An offer in compromise is a provision in the federal tax code that allows you to settle your tax debts for less than what you owe (to a reasonable extent), provided you meet some conditions. It’s a great option to consider if you aren’t able to pay off your entire tax debt due to financial constraints. The main factors considered are:
- Ability to pay
- Asset equity
The IRS will accept an offer in compromise if the amount being paid is the most they can expect to collect within a specified period of time. To participate in the offer in compromise process, tax filings must be current and you cannot file for bankruptcy.
There are two types of offer in compromise payment plans:
- The Lump Sum Cash plan is where 5 or fewer payments are made in addition to 20% of the offer amount paid upfront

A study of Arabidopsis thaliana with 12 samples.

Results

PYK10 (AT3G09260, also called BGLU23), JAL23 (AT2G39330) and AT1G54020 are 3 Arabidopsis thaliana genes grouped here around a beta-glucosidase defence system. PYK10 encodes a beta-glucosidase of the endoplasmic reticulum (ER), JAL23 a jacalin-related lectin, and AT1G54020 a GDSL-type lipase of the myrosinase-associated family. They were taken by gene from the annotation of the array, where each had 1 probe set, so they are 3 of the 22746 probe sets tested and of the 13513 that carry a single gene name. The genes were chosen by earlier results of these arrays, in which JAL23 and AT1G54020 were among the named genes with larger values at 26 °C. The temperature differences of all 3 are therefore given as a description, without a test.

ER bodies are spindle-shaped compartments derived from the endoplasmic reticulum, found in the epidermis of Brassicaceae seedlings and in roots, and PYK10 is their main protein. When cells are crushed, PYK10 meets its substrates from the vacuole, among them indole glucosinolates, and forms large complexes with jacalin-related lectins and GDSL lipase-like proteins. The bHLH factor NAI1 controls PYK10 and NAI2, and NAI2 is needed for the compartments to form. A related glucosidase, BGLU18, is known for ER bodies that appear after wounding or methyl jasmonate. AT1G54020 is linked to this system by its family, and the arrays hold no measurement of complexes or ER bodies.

- The Periodic Payment plan is where after making an initial payment monthly installments are paid until the offer amount is settled.
In terms of how an offer in compromise is negotiated, there are two types:
- Doubt as to Collectability (DATC): This occurs when the offer in compromise is negotiated on the basis on a taxpayer’s inability to pay tax debts due to financial hardship.
- Doubt as to Liability (DATL): This occurs when the offer in compromise is negotiated if the taxpayer thinks that his or her tax liability is incorrect. It is to reconsider a taxpayer’s tax liability in case of miscalculation or misinformation.
The offer in compromise is a delicate and subtle process that may provide tax relief. The IRS only accepts about 20% of offer in compromise pleas, so it’s important to present the best case for the IRS. The help of highly qualified experts will analyze your specific situation to determine whether you are in fact eligible for an offer in compromise – contact us today.